Although not within the domain of geostatistics, for question #2, I would casually say the most frequent weighting function used in my field (Criminology) would be a a binary weighting scheme. Although I have rarely seen a good theoretical or empirical argument to use one weighting scheme over another (or how one defines a neighbor in a binary weighting scheme either). It may simply be because of historical preference and convienance that such a scheme is typically used.
There is a distinction that should be drawn between data driven approaches to constructing spatial weights and the theory based approach to deriving spatial weights. You are currently performing the former, and in this approach you are implicitly treating the estimation of spatial weights as a problem of measurement error, and hence should use techniques to validate your measurements (which is considerably complicated due to the endogeneity of the spatial weights). Using a weighting scheme based on some of the chance variation in the data and using it in subsequent causal models is synonymous with other fallacies related to inference and data snooping. Unfortunately I have no good references of spatial weight models validated in any meaningful way besides the extent of the auto-correlation, which to be frank isn't all that convincing of an empirical argument. Spatial dependence can be the result of either causal processes (i.e. the value at one point in space affects the value at another point in space), or it can be the result of other measurement errors (i.e. the measured support of the data do not match the support of the processes that generate those phenomena).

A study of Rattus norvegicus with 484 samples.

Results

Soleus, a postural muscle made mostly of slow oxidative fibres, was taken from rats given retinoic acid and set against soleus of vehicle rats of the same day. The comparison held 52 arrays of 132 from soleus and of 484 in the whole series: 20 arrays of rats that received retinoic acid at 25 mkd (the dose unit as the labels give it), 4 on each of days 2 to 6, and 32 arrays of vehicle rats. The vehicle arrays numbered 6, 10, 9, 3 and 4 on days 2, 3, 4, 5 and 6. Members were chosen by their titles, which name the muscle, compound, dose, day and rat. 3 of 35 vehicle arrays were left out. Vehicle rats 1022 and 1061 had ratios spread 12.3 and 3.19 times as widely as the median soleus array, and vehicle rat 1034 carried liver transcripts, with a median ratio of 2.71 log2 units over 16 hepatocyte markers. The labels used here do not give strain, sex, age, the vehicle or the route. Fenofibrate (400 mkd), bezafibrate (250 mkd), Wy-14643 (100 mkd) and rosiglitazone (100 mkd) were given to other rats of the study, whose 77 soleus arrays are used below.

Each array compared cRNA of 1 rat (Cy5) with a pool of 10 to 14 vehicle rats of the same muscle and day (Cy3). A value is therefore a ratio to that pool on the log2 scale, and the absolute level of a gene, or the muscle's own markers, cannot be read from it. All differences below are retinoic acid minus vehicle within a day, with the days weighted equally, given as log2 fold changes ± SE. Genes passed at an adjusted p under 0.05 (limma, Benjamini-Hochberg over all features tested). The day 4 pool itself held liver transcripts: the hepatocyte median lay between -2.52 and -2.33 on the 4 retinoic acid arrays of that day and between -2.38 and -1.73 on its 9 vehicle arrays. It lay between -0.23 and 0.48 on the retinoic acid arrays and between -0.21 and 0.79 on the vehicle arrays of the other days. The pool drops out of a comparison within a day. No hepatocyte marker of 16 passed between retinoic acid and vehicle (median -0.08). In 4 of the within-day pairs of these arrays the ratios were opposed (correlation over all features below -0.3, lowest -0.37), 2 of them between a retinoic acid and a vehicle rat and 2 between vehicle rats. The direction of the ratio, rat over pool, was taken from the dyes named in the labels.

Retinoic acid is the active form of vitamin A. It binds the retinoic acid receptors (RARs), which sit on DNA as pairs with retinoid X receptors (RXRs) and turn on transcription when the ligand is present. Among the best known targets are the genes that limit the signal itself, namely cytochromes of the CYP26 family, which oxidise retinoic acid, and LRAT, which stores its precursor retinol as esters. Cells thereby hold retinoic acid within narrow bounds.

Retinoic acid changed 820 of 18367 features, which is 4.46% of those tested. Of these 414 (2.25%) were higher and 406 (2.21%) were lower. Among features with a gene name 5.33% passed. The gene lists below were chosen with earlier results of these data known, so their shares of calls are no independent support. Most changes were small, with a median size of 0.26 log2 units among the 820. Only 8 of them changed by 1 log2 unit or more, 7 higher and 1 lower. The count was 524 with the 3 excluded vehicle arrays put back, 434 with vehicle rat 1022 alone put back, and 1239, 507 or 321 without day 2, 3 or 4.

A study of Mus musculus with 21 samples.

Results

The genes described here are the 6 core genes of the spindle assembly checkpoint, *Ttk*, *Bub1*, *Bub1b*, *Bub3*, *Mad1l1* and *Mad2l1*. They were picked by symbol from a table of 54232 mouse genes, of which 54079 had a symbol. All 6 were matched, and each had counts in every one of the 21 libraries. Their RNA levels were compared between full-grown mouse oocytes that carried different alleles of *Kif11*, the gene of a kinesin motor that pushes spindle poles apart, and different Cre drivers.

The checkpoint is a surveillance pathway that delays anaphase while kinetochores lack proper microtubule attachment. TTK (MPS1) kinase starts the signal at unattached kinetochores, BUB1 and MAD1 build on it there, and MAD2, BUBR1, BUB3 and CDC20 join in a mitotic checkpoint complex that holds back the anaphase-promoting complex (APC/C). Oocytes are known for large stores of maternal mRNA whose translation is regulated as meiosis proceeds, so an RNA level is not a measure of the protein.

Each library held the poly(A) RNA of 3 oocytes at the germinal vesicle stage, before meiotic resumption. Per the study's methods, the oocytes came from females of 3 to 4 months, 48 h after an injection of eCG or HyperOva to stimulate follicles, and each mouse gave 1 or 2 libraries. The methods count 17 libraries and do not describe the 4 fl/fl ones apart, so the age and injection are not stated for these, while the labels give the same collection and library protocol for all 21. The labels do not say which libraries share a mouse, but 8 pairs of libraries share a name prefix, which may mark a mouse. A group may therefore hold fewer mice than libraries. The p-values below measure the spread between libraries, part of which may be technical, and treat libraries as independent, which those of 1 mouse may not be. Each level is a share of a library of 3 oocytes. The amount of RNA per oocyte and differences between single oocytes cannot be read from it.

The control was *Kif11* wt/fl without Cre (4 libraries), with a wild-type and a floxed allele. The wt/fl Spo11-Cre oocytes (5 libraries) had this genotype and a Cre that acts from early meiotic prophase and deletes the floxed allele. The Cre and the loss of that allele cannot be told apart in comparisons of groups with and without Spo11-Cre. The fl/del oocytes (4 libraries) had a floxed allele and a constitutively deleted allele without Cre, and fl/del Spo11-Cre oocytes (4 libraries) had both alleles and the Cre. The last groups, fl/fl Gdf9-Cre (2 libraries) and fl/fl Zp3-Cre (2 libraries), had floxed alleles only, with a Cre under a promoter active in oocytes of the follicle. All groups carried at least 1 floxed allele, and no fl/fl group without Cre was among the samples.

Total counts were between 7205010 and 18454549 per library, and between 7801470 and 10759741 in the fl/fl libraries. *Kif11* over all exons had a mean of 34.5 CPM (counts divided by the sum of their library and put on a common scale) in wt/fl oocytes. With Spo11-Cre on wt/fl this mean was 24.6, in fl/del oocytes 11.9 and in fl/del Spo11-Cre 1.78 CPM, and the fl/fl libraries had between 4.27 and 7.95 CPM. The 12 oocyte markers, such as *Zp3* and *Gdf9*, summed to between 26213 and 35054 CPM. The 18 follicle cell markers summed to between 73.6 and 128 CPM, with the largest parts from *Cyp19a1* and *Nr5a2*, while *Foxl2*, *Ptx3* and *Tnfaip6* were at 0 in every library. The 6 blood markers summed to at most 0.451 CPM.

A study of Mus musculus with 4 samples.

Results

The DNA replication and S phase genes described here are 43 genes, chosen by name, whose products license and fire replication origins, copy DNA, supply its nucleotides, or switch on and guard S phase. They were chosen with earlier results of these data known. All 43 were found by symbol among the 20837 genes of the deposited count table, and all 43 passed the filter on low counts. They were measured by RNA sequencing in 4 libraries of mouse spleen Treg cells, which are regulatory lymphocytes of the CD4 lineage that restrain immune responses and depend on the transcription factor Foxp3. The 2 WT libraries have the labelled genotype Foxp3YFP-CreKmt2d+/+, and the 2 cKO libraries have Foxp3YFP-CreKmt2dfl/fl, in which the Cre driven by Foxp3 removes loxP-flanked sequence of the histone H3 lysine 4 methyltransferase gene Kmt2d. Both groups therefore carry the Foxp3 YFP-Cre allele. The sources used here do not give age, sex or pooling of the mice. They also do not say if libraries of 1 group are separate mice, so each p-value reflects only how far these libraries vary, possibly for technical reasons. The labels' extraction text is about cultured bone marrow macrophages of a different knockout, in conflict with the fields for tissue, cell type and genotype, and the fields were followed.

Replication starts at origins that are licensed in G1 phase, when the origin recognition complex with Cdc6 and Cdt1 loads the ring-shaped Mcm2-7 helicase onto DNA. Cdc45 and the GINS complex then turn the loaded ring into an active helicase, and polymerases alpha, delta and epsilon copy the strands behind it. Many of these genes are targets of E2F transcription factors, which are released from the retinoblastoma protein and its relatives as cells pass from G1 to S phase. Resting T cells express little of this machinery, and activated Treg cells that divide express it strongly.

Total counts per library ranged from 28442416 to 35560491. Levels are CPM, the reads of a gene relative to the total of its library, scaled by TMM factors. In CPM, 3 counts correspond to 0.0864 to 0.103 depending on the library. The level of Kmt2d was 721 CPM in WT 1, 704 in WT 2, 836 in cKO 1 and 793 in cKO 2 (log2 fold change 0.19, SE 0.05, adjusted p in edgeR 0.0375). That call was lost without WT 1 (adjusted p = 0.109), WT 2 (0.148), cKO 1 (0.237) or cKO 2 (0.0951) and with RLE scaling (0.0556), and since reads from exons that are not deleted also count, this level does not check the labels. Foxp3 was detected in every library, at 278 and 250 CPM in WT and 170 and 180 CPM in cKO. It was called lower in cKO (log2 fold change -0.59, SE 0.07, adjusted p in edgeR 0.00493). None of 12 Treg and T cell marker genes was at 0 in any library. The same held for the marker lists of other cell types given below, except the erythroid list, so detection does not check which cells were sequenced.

This is oppossed to theory based construction of spatial weights (or "model-driven" in Luc Anselin's terminology), in which one specifies the weight matrix a priori to estimating a model. I did not read the Fauchald paper you cited, but it appears in the abstract they have plausible theoretical explanations for the observed patterns based on some optimal foraging strategy.
For readings I would suggest Luc Anselin's book, Spatial Econometrics: Methods and Models (1988), particularly chapters 2 and 3 will be of most interest. Also as another work with a similar viewpoint to mine (although it will likely be of less interest) is an essay piece by Gary King, "Why context should not count". I would also suggest another paper as it appears they had similar goals to yours, and defined the weights for a lattice system based on variogram estimates (Negreiros, 2010).